February 25th, 2020. To be able to quantify and reduce climate risks, methods and tools are developed for assessment andmapping of risk.
A plethora of tools are used for various types of hazards, exposure andvulnerabilities. There is, however, an imbalance in favour of hazard assessments, in comparison withassessments of exposure and vulnerability. The development of modelling tools for e.g. flood hazardshas been rapid, with good support from large sets of meteorological and hydrological data frommonitoring programs all over the world. Data on exposure and vulnerability, on the other hand, arescarce, scattered, and seldom available for academic research.
Catastrophe models (also called cat models) are one type of tools, used primarily within theinsurance sector. One aim of these models is to estimate the need for reinsurance among insurancecompanies. Large disaster events lead to huge total claims from policyholders, and it is crucial thateach company has the appropriate level of reinsurance. The strength of this type of models is thatthe insurance sector has good knowledge about the exposure and economic value of insuredproperty. In many high-income countries the level of insurance of homes and property is high, andthe value of insured objects and properties can be used as a proxy for the real economic value. Oneshould, however, remember that all kind of values are not insured, such as values related toecosystems, cultural heritage, and certain aspects of human health. The use of data from theinsurance sector is also limited by secrecy regulations to prevent unfair competition and to protectcustomer’s privacy.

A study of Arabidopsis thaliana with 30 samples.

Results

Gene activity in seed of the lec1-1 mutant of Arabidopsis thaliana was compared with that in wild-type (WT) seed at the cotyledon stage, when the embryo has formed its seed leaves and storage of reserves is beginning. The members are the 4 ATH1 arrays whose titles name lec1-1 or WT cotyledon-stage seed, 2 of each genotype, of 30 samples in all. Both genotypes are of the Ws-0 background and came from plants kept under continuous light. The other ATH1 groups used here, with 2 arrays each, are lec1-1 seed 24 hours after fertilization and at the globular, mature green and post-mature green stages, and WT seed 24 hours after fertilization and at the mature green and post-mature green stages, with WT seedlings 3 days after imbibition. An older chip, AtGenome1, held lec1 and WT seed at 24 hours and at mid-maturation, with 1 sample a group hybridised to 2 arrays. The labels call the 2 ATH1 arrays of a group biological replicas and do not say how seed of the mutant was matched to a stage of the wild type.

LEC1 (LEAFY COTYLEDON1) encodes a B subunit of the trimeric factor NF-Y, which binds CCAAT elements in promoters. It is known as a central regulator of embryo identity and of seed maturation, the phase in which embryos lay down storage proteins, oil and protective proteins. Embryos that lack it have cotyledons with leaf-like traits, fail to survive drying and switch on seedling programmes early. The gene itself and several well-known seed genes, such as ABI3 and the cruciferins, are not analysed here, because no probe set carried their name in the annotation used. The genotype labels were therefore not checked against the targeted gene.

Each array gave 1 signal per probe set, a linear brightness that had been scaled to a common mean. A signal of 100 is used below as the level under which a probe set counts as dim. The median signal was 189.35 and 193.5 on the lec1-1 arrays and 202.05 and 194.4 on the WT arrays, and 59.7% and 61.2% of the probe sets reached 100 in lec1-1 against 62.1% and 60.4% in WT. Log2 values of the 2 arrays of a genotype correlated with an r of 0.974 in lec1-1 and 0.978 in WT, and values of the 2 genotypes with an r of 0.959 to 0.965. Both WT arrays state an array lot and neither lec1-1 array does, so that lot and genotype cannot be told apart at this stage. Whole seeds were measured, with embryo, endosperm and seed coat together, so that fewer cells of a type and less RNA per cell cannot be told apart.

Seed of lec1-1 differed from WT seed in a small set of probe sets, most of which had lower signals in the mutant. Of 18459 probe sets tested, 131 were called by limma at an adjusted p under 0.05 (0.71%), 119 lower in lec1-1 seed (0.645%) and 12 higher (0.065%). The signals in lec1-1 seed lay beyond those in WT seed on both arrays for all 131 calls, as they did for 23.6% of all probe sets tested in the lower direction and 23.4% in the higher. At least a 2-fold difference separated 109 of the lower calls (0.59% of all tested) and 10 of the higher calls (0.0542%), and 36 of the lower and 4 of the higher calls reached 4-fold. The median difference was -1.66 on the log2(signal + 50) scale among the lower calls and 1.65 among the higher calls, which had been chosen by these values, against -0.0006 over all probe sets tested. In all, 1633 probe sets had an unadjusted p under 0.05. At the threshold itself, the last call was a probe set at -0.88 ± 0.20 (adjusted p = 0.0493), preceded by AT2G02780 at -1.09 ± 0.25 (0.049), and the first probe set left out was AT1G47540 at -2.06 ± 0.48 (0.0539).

The presentation will give an overview of the research on disaster risk management and modelling atthe Centre for Climate and Safety, Karlstad University (www.kau.se/en/ccs). One of the projects thatwill be presented is SPLASH (www.kau.se/en/ccs/SPLASH), where the objectives have been todevelop a Swedish catmodel for cloudbursts, including the secure use of insurance loss data.